For the first time, the World Rallycross Championship will be promoted by the same organization as the World Rally Championship.
Kenneth Hansen, a 14-time European Rallycross Champion and boss of the multiple world title winning Hansen Motorsport squad, gives his take on the news in an exclusive column for DirtFish.
Hello everyone. It’s been quite busy over the last months here at Team Hansen headquarters but, like you, we were waiting patiently for the big news to be revealed.
And yesterday, it finally arrived; WRC Promoter is coming in to take over as World Rallycross Championship rights holder.
Most of you reading this will be rally fans, I think. So, you will probably know about the changes WRC Promoter made when they took over the World Rally Championship a few years ago.
From what we can see, they did a good job with the marketing, media and so on. They have the right spirit and great ideas. We felt a lot of energy from them when talking about their vision for World RX, and curiosity from them about what we are already doing.
It reminds me a bit of Nitro Rallycross (pictured above), especially the first year, and the work Travis Pastrana was doing with it.
In his mind, there were no limits to what could be done; rallycross had a strong framework, and he could build on that. We have the same feeling with the new promoter in World RX.
With the last promoter change in 2013, when IMG came in, they did a great job in the beginning.
But then the amount of investment levelled off over time and we weren’t getting a clear plan for the long-term future of rallycross; it felt like we stopped moving forwards. We knew rallycross had more to offer.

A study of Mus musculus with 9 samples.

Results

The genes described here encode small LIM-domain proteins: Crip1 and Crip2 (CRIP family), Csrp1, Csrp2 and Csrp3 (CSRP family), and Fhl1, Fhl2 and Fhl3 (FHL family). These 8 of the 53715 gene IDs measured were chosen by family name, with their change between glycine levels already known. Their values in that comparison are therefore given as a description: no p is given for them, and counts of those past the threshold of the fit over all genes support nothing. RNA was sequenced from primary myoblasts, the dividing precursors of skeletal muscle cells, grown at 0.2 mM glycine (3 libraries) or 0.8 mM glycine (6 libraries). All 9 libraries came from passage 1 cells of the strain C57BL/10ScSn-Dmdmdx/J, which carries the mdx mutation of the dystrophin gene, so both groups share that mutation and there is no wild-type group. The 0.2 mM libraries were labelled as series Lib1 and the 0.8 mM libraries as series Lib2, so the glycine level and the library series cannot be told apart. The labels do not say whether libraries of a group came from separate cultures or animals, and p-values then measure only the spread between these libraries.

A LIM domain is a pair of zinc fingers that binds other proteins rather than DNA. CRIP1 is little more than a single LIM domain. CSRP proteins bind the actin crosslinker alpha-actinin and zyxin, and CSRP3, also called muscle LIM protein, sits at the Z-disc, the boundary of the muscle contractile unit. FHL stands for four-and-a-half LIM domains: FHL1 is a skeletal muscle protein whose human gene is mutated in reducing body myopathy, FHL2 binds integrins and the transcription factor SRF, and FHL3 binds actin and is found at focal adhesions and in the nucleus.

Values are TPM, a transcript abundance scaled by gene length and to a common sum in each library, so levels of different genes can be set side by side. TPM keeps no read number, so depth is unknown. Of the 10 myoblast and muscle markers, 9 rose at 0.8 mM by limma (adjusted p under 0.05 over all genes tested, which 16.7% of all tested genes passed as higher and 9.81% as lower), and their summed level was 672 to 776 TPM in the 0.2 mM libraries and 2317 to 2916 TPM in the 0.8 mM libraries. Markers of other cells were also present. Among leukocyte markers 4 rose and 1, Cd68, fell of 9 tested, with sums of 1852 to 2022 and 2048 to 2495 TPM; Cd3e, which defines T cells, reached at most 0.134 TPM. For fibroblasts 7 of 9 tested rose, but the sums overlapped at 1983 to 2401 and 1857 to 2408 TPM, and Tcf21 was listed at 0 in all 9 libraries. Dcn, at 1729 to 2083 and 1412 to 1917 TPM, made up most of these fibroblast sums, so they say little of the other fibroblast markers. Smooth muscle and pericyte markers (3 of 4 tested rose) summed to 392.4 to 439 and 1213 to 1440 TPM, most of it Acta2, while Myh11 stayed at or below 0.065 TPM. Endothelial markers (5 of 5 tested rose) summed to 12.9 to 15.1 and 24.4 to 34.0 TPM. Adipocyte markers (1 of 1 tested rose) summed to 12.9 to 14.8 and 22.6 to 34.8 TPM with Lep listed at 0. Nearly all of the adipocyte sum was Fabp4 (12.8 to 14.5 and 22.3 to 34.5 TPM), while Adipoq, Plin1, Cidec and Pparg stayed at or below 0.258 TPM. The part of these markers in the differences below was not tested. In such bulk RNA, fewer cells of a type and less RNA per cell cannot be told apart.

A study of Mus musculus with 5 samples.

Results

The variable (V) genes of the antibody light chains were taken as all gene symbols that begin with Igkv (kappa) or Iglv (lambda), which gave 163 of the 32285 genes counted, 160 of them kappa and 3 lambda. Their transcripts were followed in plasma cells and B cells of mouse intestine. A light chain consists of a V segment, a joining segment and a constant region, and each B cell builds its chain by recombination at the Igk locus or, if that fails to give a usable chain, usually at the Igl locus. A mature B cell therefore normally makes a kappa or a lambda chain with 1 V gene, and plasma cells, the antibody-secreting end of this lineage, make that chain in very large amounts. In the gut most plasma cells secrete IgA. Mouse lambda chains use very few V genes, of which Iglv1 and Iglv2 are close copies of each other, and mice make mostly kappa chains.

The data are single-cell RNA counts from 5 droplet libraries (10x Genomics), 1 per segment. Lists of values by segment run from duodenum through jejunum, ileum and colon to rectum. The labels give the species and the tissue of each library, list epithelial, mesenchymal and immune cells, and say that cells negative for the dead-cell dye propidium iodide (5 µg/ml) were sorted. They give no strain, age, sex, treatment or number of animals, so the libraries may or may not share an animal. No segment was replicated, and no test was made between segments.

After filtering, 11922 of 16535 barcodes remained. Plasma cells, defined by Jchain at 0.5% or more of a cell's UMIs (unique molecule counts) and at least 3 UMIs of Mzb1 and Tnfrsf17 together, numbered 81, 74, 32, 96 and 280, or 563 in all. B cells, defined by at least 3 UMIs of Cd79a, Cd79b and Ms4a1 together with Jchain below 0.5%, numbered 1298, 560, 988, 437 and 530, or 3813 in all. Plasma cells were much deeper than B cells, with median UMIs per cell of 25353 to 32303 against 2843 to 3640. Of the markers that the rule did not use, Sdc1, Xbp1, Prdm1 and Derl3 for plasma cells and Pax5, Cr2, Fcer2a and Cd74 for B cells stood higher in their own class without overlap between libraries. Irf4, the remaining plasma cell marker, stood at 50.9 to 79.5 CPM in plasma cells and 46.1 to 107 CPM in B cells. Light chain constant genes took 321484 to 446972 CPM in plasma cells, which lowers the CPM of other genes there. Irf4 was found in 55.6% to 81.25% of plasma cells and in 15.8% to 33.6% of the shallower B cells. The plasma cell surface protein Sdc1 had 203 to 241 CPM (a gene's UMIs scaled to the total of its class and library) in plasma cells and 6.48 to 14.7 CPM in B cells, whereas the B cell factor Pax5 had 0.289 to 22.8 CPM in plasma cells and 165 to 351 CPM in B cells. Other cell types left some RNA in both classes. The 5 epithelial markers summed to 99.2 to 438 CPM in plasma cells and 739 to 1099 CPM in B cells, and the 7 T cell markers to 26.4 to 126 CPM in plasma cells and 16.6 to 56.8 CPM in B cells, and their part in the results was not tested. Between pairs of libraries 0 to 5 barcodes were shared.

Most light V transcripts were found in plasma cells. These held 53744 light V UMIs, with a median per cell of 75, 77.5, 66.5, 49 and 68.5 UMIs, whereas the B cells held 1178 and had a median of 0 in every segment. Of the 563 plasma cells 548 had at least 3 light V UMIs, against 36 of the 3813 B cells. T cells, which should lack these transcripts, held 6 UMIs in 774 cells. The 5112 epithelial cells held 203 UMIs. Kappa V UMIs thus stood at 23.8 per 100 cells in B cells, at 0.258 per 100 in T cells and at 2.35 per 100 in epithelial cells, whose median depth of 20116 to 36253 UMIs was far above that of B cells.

That’s why we were not worried about them leaving and were optimistic about finding a new promoter for 2021.
It meant we could find a new group who were interested in the same vision for rallycross as we have and would push to take it to a new level.
As long as we have a strong set of teams, world-class drivers, and the racing is good, the change in sound from electric is something we’ll simply get used to in timeKenneth Hansen
It’s early days, of course, and we haven’t gone into fine details yet, but the feeling so far is good. From speaking to the FIA and WRC Promoter, they are here for the long term.
When IMG withdrew it unexpectedly created an opportunity for other promoters.
Dealing with exit negotiations between FIA and IMG, and then sorting agreements with the new promoter, all takes time to do properly.
In an ideal world, you would aim for 2022 in this situation. But the opportunity required starting in 2021, and they are not afraid to take on the challenge and begin straight away.
This season will be learning year for them, putting their new team together, and then in 2022 you will see the new era really starting.
WRC Promoter is also continuing on the electric path IMG started. We know the rallycross community is very divided about this. I believe it can be very good, leading to new investment for the championship and the teams competing in it.
Of course I understand people that are afraid it will be quiet. But I believe it’s just a learning curve of sorts.
I remember when exhaust silencers were introduced. There was a lot of negative reaction from all sides about how the cars would be too quiet but, in the end, everyone got used to it quickly.
As long as we have a strong set of teams, world-class drivers, and the racing is good, the change in sound is something we’ll simply get used to in time.
And I can say confidently there will be sound; the cars won’t be quiet.
I am usually quite optimistic about change, and I have a good feeling about the future of the world championship. I hope you will share my optimism too.